Holden Colorado: 14 things you didn’t know

By Toby Hagon, 19 Aug 2016 Car Reviews


It looks a lot like the old Colorado, but this new 2017 model has big differences under the skin – and all for the better.

1. The Colorado ute forms the basis of an SUV, the Colorado 7, with the 7 referring to the number of seats in its unique SUV body. However, the new model will adopt the Trailblazer name, helping distance it from the ute it’s based on.

2. The current shape Colorado (codenamed RG) first arrived in Australia in 2012. It was late to market because of the financial woes and bankruptcy parent company General Motors faced after the GFC. Insiders suggest corners were cut during development of that early car to contain costs for the struggling GM.

3. Holden continues to offer only a diesel engine with the Colorado. The last time Holden offered a petrol engine was with a 3.6-litre V6 engine sold up until early 2012.

4. A glance at the specifications would suggest Holden hasn’t updated the engine of the Colorado; it still makes the same 147kW and 500Nm (in automatic guise) it’s made since late 2014. However the engine now meets stricter Euro 5 emissions standards and has had major work done to improve refinement.

5. All Colorados now come with digital radio tuning and Apple CarPlay and Android Auto. The LT-Z and L71 get an 8.0-inch touchscreen, while other models make do with a smaller 7.0-inch screen.

6. The Colorado gets a new look from the front. But the windows, front guards, doors, roof and tray are unchanged from the model that arrived in 2012.

7. The Colorado is the only ute in its class that can be started remotely via the keyfob. Automatic versions of the Holden Colorado LT-Z and Z71 can be started automatically, allowing the car to be heated and cooled before the driver gets inside.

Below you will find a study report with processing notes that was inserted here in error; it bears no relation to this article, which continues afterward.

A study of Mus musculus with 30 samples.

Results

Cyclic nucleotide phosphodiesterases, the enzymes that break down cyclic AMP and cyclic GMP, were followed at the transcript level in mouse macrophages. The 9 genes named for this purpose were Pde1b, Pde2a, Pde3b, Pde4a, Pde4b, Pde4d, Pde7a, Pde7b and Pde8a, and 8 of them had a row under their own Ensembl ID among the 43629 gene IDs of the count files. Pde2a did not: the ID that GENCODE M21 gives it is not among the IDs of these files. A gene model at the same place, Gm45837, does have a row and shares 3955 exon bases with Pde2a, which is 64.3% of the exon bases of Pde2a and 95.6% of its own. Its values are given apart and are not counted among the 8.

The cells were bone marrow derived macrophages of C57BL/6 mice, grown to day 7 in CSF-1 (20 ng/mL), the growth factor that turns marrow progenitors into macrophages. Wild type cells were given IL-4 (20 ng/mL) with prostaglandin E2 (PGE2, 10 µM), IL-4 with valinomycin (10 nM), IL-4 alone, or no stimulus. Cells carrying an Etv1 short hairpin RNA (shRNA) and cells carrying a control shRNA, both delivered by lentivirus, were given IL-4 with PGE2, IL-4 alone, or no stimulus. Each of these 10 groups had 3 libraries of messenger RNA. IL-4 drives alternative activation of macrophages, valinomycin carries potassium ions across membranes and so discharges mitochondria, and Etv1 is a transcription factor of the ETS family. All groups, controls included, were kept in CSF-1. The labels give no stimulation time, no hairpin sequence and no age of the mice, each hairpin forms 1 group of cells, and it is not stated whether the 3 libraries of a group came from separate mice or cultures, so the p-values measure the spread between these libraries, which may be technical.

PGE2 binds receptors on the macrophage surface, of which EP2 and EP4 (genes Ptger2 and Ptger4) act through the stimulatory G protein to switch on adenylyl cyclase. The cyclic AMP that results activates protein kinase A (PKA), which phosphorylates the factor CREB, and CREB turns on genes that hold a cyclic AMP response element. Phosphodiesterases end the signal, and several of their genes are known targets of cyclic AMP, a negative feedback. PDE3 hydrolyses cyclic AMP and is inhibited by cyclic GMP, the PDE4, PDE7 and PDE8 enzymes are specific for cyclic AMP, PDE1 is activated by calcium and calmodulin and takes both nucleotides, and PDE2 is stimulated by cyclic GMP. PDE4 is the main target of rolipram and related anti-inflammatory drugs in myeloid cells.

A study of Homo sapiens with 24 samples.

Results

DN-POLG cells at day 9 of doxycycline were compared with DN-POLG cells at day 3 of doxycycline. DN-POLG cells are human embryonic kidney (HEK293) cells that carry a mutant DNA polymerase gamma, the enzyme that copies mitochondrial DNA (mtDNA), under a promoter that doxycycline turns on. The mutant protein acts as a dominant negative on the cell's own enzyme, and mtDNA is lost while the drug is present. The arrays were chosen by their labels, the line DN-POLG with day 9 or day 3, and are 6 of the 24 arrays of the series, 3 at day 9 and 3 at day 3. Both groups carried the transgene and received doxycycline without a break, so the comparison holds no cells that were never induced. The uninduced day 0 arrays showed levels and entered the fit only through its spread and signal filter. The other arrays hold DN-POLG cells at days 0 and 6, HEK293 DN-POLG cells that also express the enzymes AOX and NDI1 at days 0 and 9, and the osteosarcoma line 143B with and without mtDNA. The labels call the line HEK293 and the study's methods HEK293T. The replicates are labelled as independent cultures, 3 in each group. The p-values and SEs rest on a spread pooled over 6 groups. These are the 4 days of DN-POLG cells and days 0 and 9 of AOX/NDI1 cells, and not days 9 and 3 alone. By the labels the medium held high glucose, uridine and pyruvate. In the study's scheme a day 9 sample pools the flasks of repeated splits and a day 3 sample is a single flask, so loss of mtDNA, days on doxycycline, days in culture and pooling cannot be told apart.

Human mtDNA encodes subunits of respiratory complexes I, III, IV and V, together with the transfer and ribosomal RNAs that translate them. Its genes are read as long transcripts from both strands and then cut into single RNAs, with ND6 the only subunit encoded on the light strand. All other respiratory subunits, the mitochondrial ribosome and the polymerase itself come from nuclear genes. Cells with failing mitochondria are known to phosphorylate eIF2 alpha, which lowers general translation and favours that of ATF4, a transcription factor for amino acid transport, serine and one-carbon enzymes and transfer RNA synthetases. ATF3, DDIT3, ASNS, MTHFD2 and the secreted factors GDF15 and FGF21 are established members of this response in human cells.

8. Like most work utes sold in Australia the Colorado is produced in Thailand. Much of the engineering work was done in Brazil, with Australian engineers playing a big role in development of this updated model.

9. When you open the front doors of the Colorado the windows lower by a few centimetres. It is designed to reduce pressure in the cabin when shutting the doors, making them slightly easier to close.

10. Manual versions of the Colorado make slightly less torque than the auto models (440Nm versus 500Nm). The engines have been detuned slightly because the six-speed manual isn’t rated for the higher torque output. 

11. Some of the switchgear from the Colorado is shared with the Holden Commodore. The stalks for the indicators and windscreen wipers, for example.

12. Holden’s work ute was previously called the Rodeo. However, that name was owned by Isuzu (with which Holden jointly developed the previous model) and following a split in business dealings between the two car makers it was no longer available to Holden. The Colorado first appeared in Australian in 2008.

13. The updated Colorado has more factory-approved accessories (bullbars, driving lights, snorkels, etc) than any Holden over the company’s 68-year history.

14. The Colorado gets electric power steering, which is more fuel efficient than the old hydraulic setup. It was tuned using learnings from the VF Series II Commodore that was released in 2015.

15. Holden no longer refers to the Colorado as a ute, instead adopting the more American “truck” descriptor. However, it was only a few years ago when a last minute marketing plan to call the Colorado a truck was dropped. At the time a senior Holden executive claimed Holden would never call the Colorado a truck.